The movie "O Brother, Where Art Thou?" may be a perfect metaphor for America-- a slightly disorganized, but good hearted, Southern Gospel version of Homer's Odyssey, written and directed by a couple of guys named Cohen.
Is this a great country, or what?
The Cohen brothers-- Joel directing, and writing with producer Ethan-- should hire the Monty Python comic to intone, "And now for something completely different," before each of their highly original movies. From the brilliant "Fargo," to the under rated, "Hudsucker Proxy," to the darn near interminable "Barton Fink," the results of their vision may not always be successful, but it is ALWAYS their own.
The title "O Brother Where Art Thou?" is taken from the great Preston Sturges comedy, "Sullivan's Travels" in which Joel McRea plays a director who quits making "mere" comedies in order to do something more Socially Significant and comes up with this pretentious title.
If making people laugh is a public service, then the Cohens can consider their careers worthwhile, based on "O Brother" alone. But this movie has themes of Christian redemption, God's providence, and a great folksy Gospel music score, to boot.
George Clooney plays Ulysses Everitt McGill. He imagines himself a brainy guy, but his 10 cent head can't quite keep up with the two dollar words he uses. He leads an escape from a Depression-era Mississippi chain gang, by promising the two men he's chained to, the constantly angry Pete Hogwallop (Cohen regular John Turturro) and the dim but good-natured Delmar O'Donnel (Tim Blake Nelson), shares of the million dollars in loot he has stashed.
So, Ulysses and his crew set out on a quest to retrieve the loot, and restore their leader to the loving bosom of his wife (Holly Hunter) and seven daughters.
Soon after their escape, the trio encounters a baptismal service in a river. The promise of sins forgiven is irresistible to Delmar and Pete, but Ulysses is scornful, "God may have wiped your slate clean," he scoffs, "But the state of Mississippi takes a harder view."
Delmar and Pete do their level best to live up to their salvation, but the temptations are great. One thing they do to earn legitimate money is "sing into a can" at a little radio station under the guise of "The Soggy Bottom Boys." Unbeknownst to them, their song, "I Am a Man of Constant Sorrow" becomes a huge hit.
On their journey, the boys encounter "sigh-reens" by a river who tempt them sorely, bringing huge laughs as Delmar is convinced that Pete has been turned into a toad as judgment for yielding; and a one-eyed violent con artist Bible salesman (John Goodman) in this movie's version of Cyclops. They also rescue a black guitar player who has sold his soul to the devil from a batch of Klansmen, whose ceremony is a cross between a bad marching band and the Oompa Loompas from "Willy Wonka." Charles Durning is also great as a beleaguered governor running for re-election.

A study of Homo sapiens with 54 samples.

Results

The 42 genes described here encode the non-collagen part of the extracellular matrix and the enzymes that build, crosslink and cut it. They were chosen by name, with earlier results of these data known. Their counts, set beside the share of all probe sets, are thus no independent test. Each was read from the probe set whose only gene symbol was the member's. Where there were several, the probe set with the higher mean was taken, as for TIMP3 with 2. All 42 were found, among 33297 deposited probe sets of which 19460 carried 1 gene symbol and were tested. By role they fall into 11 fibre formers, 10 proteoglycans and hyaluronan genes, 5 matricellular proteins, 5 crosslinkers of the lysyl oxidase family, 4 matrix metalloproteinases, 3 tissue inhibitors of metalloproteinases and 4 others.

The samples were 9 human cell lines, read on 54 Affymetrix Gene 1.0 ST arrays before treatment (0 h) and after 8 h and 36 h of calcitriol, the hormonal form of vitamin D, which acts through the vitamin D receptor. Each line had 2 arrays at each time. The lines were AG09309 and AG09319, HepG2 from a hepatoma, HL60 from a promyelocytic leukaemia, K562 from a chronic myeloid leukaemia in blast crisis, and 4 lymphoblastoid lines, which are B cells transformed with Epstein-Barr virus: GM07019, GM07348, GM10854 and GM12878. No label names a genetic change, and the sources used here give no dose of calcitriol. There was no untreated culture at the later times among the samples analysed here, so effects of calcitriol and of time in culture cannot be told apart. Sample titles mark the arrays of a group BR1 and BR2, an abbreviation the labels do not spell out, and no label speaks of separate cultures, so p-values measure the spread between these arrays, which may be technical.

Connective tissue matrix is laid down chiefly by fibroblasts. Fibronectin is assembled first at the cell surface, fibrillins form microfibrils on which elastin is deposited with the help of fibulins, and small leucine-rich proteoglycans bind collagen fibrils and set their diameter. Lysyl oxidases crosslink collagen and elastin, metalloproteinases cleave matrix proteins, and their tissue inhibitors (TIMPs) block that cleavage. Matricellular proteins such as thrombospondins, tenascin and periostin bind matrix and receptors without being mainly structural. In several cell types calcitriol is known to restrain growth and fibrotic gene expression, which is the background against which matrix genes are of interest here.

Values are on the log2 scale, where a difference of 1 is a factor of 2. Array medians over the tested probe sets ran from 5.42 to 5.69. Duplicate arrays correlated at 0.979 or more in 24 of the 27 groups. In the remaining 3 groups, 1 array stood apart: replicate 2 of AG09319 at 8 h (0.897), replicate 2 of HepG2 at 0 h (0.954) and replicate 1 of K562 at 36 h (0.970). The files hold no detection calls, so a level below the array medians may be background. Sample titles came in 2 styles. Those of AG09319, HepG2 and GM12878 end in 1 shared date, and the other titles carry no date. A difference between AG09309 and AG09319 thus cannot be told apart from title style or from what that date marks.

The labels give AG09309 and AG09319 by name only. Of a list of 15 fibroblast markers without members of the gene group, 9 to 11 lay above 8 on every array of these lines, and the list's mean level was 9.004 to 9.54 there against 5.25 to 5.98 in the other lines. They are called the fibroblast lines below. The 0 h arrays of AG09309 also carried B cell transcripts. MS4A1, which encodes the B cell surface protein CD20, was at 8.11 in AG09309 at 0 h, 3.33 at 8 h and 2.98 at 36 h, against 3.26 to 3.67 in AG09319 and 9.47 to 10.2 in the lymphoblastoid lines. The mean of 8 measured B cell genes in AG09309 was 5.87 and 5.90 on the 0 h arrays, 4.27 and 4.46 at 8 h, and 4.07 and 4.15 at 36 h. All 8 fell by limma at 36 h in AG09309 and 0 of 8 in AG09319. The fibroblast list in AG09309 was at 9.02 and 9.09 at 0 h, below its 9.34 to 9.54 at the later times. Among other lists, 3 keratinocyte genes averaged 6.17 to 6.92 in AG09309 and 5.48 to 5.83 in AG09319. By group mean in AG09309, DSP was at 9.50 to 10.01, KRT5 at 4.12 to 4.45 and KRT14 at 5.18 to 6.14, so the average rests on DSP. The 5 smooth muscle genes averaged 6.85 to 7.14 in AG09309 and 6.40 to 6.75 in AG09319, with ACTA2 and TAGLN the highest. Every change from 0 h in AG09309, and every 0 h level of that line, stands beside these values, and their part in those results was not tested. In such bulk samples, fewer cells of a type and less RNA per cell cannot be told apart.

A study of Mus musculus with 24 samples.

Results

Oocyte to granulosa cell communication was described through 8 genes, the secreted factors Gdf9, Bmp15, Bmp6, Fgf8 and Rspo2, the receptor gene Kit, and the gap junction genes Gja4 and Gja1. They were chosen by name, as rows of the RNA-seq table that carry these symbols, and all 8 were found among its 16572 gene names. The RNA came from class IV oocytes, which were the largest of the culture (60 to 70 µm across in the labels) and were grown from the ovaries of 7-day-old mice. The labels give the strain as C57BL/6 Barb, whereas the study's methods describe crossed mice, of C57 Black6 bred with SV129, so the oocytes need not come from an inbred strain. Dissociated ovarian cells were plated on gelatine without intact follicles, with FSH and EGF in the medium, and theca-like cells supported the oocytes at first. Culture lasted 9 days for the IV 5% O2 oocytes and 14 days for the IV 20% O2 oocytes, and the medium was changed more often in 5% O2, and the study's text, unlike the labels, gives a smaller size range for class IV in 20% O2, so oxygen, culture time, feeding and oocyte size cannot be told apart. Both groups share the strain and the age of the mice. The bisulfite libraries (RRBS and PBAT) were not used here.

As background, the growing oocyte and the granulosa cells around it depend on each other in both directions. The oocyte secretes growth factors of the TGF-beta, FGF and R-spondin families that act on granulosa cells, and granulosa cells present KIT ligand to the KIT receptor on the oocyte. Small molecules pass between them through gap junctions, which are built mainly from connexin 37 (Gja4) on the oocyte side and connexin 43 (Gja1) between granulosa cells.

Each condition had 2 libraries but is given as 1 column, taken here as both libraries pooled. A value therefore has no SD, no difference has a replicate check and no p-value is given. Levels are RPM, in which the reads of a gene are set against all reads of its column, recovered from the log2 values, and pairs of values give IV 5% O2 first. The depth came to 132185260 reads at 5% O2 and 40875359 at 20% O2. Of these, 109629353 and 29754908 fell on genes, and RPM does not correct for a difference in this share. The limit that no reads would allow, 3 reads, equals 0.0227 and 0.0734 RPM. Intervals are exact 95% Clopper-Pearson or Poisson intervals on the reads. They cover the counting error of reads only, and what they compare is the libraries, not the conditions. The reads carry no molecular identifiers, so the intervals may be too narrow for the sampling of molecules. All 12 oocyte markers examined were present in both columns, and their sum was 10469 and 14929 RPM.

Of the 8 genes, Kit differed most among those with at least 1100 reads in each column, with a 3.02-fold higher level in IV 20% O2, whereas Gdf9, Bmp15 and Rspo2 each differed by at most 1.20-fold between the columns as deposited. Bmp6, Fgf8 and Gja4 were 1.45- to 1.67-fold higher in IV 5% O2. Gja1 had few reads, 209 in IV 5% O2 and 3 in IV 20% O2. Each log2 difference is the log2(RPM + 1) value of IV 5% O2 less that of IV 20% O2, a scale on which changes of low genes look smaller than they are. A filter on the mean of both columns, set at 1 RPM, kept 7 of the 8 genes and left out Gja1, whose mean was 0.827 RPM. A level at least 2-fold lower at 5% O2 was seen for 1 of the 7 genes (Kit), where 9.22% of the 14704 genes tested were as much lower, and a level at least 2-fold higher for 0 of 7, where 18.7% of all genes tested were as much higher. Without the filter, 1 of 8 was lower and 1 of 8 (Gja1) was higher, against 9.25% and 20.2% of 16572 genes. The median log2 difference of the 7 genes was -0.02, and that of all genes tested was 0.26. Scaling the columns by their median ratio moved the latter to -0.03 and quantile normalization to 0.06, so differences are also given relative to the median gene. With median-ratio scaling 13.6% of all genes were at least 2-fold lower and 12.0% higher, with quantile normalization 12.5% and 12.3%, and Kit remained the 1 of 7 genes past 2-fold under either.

Eventually, even the supposedly sophisticated and "scientifically minded" Ulysses is forced to call upon God for help.
The Cohens do a nice job of capturing the tone of Depression-era comedies and musicals, and one can't help but think of the Laurel and Hardy movie "Pardon Us" and various song and dance features of a bygone era. As in "Fargo" there is much funny and affectionate satirizing of accents and customs-- most of the PG-13 rating comes from what the Cohens figger are Southern swear words, mostly mild.
The cast is great. Clooney's dumb version of his usual smart guy act works great, but his partners really steal the show. Tim Blake Nelson has many hilarious Stan Laurel-type moments, and you really must see John Turturro sweetly yodelling along as a member of the Soggy Bottom Boys.
The Cohens' clever script and glowing cinematography have earned Oscar nominations, but Nelson really should have been considered, and it's a durn near unpardonable sin that T. Bone Burnett's great old-timey music score was not nominated (though the sound track IS selling well). And whether you could give a hoot about bluegrass music or not, I promise you'll be humming songs from "O Brother," for days afterward.